By Raina Telgemeier
Scholastic Graphix, 214 pages, $10.99
The adage says that you should write what you know and Raina Telgemeier knows more than a little about the awkwardness of adolescence, compounded by a dental problem. While in sixth grade, Raina fell and knocked out her two front teeth which meant surgery, braces, appliances, and feeling utterly weird while maneuvering through the ninth circle of hell that is middle school followed by the eighth circle, high school.
She channeled those feelings and experiences into [[[Smile]]], a charming memoir coming out now from Scholastic’s Graphix imprint. The San Francisco-native bravely shared her fears and frustrations in this lively and heartfelt story that is perfectly aimed at 9-13 year old readers who just may be having image issues of their own.
Telgemeier is no stranger to the artform, having justly earned a following with her graphic stories featuring the enduring [[[Baby-sitters Club]]]. With her husband Dave Roman, she also cowrote [[[X-Men: Misfits]]], a Manga-style story from DelRey. This is a woman who knows and understands the form and uses it with authority.
What’s interesting in this story is that Raina was not comforted when others turned up with braces, something that was all too common when my kids went through these years. The story uses her dental issues as the spine but you can see that she is also somewhat withdrawn, haunted by the harsh teasing of her social circle, all of whom appear clueless to her personal concerns. On more than one occasion, she is the butt of jokes and pranks and she endures them stoically, with no one but her supportive parents noticing how brave she has been throughout all this.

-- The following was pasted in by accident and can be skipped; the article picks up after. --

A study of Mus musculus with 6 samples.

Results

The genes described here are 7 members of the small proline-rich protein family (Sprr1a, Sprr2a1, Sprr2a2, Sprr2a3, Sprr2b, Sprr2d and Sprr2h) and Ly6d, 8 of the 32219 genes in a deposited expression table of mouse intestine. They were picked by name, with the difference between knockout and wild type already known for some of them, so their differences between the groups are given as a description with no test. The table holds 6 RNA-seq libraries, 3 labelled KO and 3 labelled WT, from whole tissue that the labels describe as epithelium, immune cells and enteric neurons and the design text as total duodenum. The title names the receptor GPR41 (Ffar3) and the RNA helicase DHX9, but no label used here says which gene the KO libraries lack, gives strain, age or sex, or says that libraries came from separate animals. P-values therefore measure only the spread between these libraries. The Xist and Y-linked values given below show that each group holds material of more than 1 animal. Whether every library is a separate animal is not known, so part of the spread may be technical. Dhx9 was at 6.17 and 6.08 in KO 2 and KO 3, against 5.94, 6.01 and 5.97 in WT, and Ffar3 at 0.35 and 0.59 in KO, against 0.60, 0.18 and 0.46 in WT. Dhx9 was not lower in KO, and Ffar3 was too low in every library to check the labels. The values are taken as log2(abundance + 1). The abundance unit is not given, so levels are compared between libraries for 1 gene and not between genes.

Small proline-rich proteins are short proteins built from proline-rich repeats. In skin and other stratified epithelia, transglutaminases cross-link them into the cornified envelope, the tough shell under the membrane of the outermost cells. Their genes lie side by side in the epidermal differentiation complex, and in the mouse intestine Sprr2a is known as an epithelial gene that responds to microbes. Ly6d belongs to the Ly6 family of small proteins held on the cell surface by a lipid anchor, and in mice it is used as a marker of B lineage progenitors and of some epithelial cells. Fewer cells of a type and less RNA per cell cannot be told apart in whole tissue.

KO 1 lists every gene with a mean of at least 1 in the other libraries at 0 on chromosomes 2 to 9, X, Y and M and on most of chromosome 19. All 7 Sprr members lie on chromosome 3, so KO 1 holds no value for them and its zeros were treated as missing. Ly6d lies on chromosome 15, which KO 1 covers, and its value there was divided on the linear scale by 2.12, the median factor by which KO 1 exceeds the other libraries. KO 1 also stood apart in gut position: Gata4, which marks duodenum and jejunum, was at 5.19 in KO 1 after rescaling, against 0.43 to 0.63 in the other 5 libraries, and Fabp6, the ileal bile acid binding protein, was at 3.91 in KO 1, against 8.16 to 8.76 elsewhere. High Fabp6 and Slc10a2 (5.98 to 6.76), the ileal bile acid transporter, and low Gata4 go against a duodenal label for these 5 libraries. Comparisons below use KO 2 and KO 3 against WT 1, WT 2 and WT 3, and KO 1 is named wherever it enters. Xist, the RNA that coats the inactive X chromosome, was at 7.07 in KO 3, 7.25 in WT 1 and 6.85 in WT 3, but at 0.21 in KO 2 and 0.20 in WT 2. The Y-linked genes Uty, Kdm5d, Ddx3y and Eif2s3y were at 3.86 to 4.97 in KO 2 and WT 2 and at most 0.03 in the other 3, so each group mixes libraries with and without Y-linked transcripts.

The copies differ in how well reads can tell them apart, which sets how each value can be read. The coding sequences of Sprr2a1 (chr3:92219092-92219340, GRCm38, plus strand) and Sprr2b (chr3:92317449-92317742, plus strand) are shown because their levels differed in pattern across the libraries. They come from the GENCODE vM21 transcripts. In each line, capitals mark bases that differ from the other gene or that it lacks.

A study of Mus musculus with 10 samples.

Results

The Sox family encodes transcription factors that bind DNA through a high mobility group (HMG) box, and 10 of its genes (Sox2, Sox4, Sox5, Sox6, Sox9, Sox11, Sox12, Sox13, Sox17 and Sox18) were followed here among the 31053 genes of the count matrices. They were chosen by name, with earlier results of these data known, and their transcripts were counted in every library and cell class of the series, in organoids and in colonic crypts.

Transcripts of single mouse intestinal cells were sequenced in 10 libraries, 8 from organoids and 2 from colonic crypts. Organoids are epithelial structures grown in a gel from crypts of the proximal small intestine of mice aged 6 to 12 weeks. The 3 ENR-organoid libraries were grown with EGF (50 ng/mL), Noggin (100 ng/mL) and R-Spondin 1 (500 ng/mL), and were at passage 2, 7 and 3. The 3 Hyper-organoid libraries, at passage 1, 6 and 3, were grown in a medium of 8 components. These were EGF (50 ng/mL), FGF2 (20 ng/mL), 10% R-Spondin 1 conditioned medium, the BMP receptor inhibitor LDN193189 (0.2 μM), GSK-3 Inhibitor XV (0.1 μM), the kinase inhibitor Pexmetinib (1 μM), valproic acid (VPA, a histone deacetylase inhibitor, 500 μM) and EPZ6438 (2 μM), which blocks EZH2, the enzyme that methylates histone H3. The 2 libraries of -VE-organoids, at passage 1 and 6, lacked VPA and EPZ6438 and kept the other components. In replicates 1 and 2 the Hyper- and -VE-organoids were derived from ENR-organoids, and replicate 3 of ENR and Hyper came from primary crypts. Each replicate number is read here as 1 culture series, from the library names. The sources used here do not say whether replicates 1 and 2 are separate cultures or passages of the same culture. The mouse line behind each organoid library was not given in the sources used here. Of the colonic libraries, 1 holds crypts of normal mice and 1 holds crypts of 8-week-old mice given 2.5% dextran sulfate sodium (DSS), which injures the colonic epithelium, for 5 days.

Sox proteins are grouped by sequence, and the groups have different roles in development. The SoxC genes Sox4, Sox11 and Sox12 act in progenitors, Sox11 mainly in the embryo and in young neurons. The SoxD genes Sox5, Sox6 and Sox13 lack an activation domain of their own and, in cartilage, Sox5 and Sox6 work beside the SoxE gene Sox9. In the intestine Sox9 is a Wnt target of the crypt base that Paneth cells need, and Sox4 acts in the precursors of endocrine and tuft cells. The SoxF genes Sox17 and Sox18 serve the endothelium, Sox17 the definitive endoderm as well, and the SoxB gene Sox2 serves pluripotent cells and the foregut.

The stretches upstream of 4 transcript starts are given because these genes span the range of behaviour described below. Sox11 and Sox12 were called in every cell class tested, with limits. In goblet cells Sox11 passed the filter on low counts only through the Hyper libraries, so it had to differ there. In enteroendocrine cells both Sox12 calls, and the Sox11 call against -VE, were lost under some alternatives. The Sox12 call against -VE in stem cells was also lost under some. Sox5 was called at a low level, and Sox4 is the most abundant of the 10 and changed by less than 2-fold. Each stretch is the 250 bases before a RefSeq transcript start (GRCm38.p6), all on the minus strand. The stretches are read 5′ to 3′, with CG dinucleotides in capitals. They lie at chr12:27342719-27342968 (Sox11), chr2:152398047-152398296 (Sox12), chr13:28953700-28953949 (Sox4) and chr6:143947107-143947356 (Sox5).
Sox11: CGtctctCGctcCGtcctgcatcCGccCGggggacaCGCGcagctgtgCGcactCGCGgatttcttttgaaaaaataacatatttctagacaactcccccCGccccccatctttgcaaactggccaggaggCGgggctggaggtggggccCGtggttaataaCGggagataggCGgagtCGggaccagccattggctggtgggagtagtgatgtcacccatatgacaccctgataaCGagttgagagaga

The dental and social issues receive a rude jolt of larger problems when Raina experiences the 1989 earthquake that shattered portions of the city and even postponed the World Series. It really isn’t until she’s in high school that she takes the bold steps necessary to find some measure of happiness.
She has younger siblings at home who find her annoying plus her somewhat cruel friends, but Raina also shares the heartache she felt for one student, something every reader will no doubt identify with. The 214 pages are broken into chapters that cover her school years in a breezy way, keeping the focus on her dental treatment and evolving relationship with friends. Other issues such as academics are merely window-dressing, adding context and flavor but not cluttering the story.
Her drawing is a delight, the storytelling straightforward, and nothing is left ambiguous. She’s frank and honest, using this story as an emotional catharsis of sorts, while letting her readers know that it’s okay to be shy or getting medical work done is just another part of growing up.